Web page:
The Problem With Unplanned Growth
This is a true story, although the names and places have been changed. Everything ended up OK, but there was a lot of unnecessary stress--all of which could have been easily prevented by just a minimum of business planning. This kind of problem happens all the time, and it's so easily preventable, it's a shame it happens at all. The lesson: Don't be a victim of unplanned growth.
The story takes place in a midsize university town on the West Coast, during the mid '90s, as the internet boom took off and most everybody in business and education was getting connected. The main players are Leslie and Terry, co-owners of a consulting business offering computer and network services mostly to local businesses.
At the beginning of this story, Leslie and Terry had a small but comfortable office a few blocks off Main Street, near the university, and a comfortable business, averaging about $20,000 in sales per month with a few steady clients and not a lot of seasonal variations in sales. They had one employee who did the bookkeeping and general administration tasks, maintained office hours and made appointments.
Then came the big, wonderful new job--a contract with a large and fast-growing company to install new internet facilities in offices on its corporate campus, 10 miles up the freeway. This was a $200,000 contract that had to be delivered quickly and opened up an important new relationship with a potential business-changing client. There was great celebration. Leslie and Terry and their spouses started with a fancy dinner in the best restaurant in the area.
Both partners readily got going on fulfilling the contract, delivering the network, connecting the systems, making good on their promises. To make sure the new relationship would be a permanent increase in business, they took on five contractor consultants to deal with the needs of installation, training and the general increase in business demands.
Within two months, it seemed clear to both partners that they'd made the leap. Systems were being installed, clients were happy, and they were on the road to doubling their business volume in a very short period of time. The contractors were doing good work, and four of the five were happy to consider becoming permanent employees. Leslie and Terry decided they could celebrate more, so they both went to the local car dealer and leased new Mercedes sedans.
Then things started going bad. Like a television loosing its connection, things got fuzzy, then blank. Though sales and profits were way up, jobs were done and invoicing was underway, Leslie and Terry had no money. The contractors--good people who Leslie and Terry wanted to keep--needed to be paid, but there was no money. They rushed to their local bank, waving their increased sales and profits, but banks need time. The business suffered the classic problems of unplanned growth. Just as the accounting reports looked brightest, the coffers were empty. People were barely done celebrating, and suddenly they were looking at the disaster of unpaid bills and, much worse, unpaid people.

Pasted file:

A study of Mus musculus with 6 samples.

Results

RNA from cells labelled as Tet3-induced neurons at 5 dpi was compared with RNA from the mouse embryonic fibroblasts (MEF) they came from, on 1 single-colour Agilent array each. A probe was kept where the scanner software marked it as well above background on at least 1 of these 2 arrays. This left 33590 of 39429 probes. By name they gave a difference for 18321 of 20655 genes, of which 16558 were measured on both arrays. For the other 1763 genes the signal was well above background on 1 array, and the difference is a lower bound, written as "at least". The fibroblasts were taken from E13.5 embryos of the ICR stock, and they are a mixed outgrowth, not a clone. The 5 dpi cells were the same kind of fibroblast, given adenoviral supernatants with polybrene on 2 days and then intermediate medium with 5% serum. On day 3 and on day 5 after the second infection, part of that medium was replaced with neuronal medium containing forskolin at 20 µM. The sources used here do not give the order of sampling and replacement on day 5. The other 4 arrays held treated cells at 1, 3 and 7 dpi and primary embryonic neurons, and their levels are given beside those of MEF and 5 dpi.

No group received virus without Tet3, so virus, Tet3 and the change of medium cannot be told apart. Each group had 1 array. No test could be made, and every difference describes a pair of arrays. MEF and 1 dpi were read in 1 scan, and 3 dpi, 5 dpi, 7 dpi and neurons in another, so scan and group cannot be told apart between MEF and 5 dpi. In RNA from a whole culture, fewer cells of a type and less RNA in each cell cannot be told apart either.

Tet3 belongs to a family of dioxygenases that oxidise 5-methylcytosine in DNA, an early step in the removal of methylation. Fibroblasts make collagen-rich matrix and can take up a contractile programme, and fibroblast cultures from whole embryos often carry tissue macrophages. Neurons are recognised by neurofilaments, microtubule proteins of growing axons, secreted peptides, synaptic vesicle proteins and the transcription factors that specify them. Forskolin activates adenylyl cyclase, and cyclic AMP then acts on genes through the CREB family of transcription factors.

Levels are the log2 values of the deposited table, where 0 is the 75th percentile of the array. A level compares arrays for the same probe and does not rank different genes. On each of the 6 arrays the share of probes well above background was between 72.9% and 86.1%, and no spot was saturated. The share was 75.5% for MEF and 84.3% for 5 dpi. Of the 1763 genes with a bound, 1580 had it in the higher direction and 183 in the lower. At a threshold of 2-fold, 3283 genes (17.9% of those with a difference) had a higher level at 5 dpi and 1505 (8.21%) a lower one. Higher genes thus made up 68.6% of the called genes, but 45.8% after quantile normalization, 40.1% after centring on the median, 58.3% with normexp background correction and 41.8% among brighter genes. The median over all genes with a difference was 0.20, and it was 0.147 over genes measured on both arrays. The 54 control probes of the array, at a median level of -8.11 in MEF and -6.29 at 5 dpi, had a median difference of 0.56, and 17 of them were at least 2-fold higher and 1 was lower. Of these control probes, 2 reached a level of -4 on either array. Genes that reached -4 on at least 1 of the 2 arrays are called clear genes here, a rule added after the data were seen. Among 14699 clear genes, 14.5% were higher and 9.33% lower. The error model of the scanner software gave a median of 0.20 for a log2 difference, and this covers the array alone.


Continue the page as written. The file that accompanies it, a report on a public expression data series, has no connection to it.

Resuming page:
What happened? Unplanned cash flow problems happened. The new, larger client had a slow process when it came to paying bills, so the jump in sales didn't mean an immediate jump in cash in the bank. Leslie and Terry were more concerned about delivering good service than delivering necessary paperwork, so their own invoicing process was slow. They were owed about $85,000, but they couldn't go straight to their new client to get the money--she said she'd already authorized payment and sent them to the company's finance department for answers. The people in the finance department were slow to respond and not particularly concerned about vendors getting paid quickly; their job was to pay slowly, but not so slowly as to get a bad credit rating.
Leslie and Terry had a bad case of "receivables starvation"--money that was owed to them was already showing in sales and profits, but not in the bank. It would have been predictable, and preventable, with a good plan.
In this case, fortunately, the two partners had enough house equity to get a quick loan and pay their contractors. The business was saved and grew, but not without a great deal of stress and strain, and even second mortgages.
The worst moment is worth remembering: One of the partners' spouses was particularly eloquent about the irony of taking on a new mortgage while driving that "[profanity omitted] Mercedes."
The moral of the story: Always have a good cash flow plan. Never get caught not knowing the impact of a sudden rush of new business. Get to the bank early, as soon as you know about new business, and start processing a credit line on receivables. And never lease a Mercedes until you're sure you won't have to take out a new mortgage a few weeks later.